Leadership and Motivation
The Success of the entire business depends on the most important resource of any organization which is certainly human resources. They are creators and makers of new technical, technological and organizational solutions, creators of new values, controllers of working process and development of business systems.
The key question is: who will manage human resources and motivate them so that the whole organization performs better. Leadership is one influence, one work of art and the process of impact on people, in sense that those who are affected are voluntarily and willingly participating in the creation of new values in the organization. Precisely, the role of a leader is to motivate its co-workers to their potential contribution in achieving the objectives of the organization. Leadership and motivation are key factors influencing the success of the organization, as well as employee satisfaction.
Therefore, the connection and interconnection of successful leadership and proper ways of motivating employees are essential for all organizations. In developed nations, it is also said that the democratic leadership style is one of the most effective. It assists employees feel valued, gives them a sense of ownership over their position, and motivates high productivity.
Controls for Nonmeasurable Events
Business, like any other institution, has important results that are incapable of being measured. Any experienced executive know companies or industries that are bound for extinction because they cannot attract or hold able people. This, every experienced executive also knows, is a more important fact about a company or an industry that last year’s profit statement. Yet the statement cannot be defined clearly let alone “quantified.” It is anything but “intangible”; it is very “tangible” indeed. It is just nonmeasurable. And measurable results will not show up for a decade.
A balance between the measurable and the nonmeasurable is therefore a central and constant problem of management and a true decision area. Measurements that do not spell out the assumptions with respect to the nonmeasurable statements that are being made – misdirect, therefore. They actually misinform. Yet the more we can quantify the truly measurable areas, the greater the temptation to put all-out emphasis on those – the greater, therefore, the danger that what looks like better controls will actually mean less control if not a business out of control altogether.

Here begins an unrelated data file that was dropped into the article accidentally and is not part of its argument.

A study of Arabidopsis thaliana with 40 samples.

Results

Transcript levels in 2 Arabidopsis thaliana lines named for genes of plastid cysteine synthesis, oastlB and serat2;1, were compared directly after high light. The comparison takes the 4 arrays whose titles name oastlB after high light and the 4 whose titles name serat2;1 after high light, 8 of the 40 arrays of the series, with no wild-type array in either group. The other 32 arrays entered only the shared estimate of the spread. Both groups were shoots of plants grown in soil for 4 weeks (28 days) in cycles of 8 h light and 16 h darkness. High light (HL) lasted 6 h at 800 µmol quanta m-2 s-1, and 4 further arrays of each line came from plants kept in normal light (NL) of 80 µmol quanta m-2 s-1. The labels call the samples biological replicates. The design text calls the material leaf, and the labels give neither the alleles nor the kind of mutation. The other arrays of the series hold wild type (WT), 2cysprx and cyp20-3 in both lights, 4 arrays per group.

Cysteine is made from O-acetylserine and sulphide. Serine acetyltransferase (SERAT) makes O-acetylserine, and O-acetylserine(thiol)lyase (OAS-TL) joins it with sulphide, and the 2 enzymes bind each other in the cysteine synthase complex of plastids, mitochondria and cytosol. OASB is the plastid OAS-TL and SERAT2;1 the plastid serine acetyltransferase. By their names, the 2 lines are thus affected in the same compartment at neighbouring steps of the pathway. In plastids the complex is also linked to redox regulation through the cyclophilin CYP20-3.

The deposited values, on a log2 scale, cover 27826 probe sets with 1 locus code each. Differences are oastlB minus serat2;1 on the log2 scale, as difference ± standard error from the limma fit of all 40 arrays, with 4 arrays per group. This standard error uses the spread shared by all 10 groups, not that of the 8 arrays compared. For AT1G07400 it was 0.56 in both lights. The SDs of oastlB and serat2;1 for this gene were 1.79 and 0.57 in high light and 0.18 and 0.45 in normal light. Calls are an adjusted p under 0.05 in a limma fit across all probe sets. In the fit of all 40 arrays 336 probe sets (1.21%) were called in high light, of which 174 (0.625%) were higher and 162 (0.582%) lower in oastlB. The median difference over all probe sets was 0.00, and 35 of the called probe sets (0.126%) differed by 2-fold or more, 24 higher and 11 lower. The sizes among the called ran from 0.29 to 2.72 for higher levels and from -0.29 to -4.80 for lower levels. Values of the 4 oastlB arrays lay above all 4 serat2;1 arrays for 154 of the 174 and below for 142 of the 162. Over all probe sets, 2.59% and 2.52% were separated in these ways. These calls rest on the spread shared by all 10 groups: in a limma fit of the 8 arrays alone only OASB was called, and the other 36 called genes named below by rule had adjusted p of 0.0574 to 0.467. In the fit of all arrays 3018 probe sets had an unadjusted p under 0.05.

The Ultimate Control of Organizations
There is a fundamental, incurable, basic limitation to controls in a social institution. A social institution is comprised of persons, each with own purpose, his own ambitions, his own ideas, his own needs. No matter how authoritarian the institution, it has to satisfy the ambitions and needs of its members, and do so in their capacity as individuals through institutional rewards and punishments, incentives, and deterrents. The expression of this may be quantifiable – such as a raise in salary. But the system itself is not quantitative in character and cannot be quantified.
Yet here is the real control of the institution. People act as they are being rewarded or punished. For this, to them, rightly, is the true expression of the values of the institution and of its true, as against its professed, purpose and role. A system of controls that is not in conformity with this ultimate control of the organization, which lies in its people decisions, will therefore at best be ineffectual. At worst it will cause never-ending conflict and will push the organization out of control. In designing controls for an organization, one has to understand and analyze the actual control of the business, its people decisions. One has to realize that even the most powerful “instrument board” complete with computers is secondary to the rewards and punishments, of values and taboos.